The Extended Family and Children's Educational Success
Article by Mads Meier Jæger
American Sociological Review 77(6): 903-922.
Social stratification research has repeatedly demonstrated that parents have a significant impact on their children’s educational success. A new article published in American Sociological Review shows that the importance of family background pertains not only to the immediate family: Grandparents and aunts and uncles also contribute to children’s educational success.
The extended family
An important explanation why the extended family matters is that it acts as a social network that contributes with economic and social resources to the immediate family. In case of adverse events in the immediate family, for example unemployment or illness, the extended family may contribute resources (money, time, care etc.) which alleviate the negative impact of these events on children’s well-being.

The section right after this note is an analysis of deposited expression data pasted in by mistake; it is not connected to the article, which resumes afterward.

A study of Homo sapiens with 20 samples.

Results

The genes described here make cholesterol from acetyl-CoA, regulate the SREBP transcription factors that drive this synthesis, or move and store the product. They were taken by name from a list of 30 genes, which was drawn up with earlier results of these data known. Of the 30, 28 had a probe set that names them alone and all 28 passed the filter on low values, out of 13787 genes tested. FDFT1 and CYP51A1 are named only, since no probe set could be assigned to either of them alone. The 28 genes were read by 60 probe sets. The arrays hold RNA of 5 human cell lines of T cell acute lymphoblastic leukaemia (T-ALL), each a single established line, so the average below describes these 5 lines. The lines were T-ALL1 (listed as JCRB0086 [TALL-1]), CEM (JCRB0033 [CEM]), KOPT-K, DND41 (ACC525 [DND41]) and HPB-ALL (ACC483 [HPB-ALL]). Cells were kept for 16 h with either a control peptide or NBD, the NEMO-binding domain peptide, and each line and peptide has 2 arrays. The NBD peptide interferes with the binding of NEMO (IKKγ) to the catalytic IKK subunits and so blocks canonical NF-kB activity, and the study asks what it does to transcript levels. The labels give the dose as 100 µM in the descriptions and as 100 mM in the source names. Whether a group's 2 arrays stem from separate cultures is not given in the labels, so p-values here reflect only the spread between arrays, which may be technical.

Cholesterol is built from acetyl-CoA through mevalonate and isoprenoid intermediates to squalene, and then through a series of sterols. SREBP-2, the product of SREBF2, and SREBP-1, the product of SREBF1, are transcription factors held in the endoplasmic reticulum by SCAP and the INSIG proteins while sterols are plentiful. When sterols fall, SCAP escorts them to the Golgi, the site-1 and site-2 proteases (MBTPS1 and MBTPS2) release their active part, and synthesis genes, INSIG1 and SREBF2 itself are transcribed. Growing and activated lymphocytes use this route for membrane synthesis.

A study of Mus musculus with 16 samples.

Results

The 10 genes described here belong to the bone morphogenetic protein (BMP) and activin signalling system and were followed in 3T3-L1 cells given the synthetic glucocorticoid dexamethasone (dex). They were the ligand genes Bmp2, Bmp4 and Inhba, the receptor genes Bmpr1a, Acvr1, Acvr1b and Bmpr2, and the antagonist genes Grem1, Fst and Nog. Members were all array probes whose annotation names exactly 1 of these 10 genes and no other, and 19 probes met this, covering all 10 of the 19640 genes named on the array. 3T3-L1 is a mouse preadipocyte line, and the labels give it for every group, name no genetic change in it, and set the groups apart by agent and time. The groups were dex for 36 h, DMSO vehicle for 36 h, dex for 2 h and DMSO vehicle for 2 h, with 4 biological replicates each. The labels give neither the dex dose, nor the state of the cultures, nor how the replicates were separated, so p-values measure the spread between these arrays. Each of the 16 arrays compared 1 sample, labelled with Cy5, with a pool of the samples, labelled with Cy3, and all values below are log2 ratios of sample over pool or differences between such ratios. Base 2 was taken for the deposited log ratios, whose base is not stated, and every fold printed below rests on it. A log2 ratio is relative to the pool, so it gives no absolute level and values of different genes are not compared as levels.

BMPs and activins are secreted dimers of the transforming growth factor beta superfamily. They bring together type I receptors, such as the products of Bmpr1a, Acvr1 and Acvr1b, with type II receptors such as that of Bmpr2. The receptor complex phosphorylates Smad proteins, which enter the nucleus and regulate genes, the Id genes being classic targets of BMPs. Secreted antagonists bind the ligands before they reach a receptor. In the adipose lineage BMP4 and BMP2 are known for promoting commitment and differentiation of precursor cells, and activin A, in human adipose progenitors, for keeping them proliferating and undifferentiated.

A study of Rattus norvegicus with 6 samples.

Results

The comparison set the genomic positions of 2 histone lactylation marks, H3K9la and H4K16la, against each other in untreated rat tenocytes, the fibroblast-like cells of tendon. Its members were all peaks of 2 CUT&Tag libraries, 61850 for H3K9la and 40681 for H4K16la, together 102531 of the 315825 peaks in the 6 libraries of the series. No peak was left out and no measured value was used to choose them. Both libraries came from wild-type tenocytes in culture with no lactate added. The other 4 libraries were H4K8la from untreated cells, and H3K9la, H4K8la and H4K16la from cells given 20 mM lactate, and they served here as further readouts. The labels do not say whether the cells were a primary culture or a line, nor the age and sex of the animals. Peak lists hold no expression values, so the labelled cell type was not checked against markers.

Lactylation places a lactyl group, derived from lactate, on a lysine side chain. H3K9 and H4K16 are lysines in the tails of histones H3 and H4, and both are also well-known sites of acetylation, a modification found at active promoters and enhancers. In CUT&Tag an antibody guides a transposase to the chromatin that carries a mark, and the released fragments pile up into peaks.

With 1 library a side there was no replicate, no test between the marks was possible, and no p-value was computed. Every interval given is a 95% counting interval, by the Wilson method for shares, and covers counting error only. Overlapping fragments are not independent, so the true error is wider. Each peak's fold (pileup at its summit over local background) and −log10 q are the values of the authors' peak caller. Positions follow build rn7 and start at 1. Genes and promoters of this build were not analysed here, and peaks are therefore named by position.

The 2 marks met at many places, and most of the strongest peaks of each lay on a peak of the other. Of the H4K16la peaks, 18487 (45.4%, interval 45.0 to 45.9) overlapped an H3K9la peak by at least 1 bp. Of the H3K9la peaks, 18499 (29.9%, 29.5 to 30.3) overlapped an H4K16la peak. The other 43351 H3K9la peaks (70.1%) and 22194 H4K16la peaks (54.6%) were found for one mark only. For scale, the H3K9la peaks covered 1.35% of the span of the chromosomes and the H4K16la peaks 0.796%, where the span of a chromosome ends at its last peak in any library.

The article also shows that economic and social resources in the extended family are particularly important for children growing up in families with only few resources.
Most theories of social mobility focus on how parents affect children. The main argument in this article is that the traditional approach is to too narrow and does not take into account that children spend time with:
- Aunts and uncles
Data from three generations
The article draws on data from the U.S. that include information on three generations from the same family, as well as information on siblings and first cousins.
The empirical analysis shows that influences from the extended family (a combination of genes and environments shared by first cousins) account for 14-21 percent of the total variance in educational attainment in adulthood. The influences from the immediate family (shared by brothers and sisters) explain 26-35 percent.
Possible compensation for lack of resources
The analysis also shows that the impact of the extended family is particularly strong in families in which parents have low education and low income. This result suggests that the extended family compensates lacking resources in the immediate family.
Read the entire article in American Sociological Review (external page).
Listen to an interview with Mads Meier Jæger concerning the results presented in the article (external page).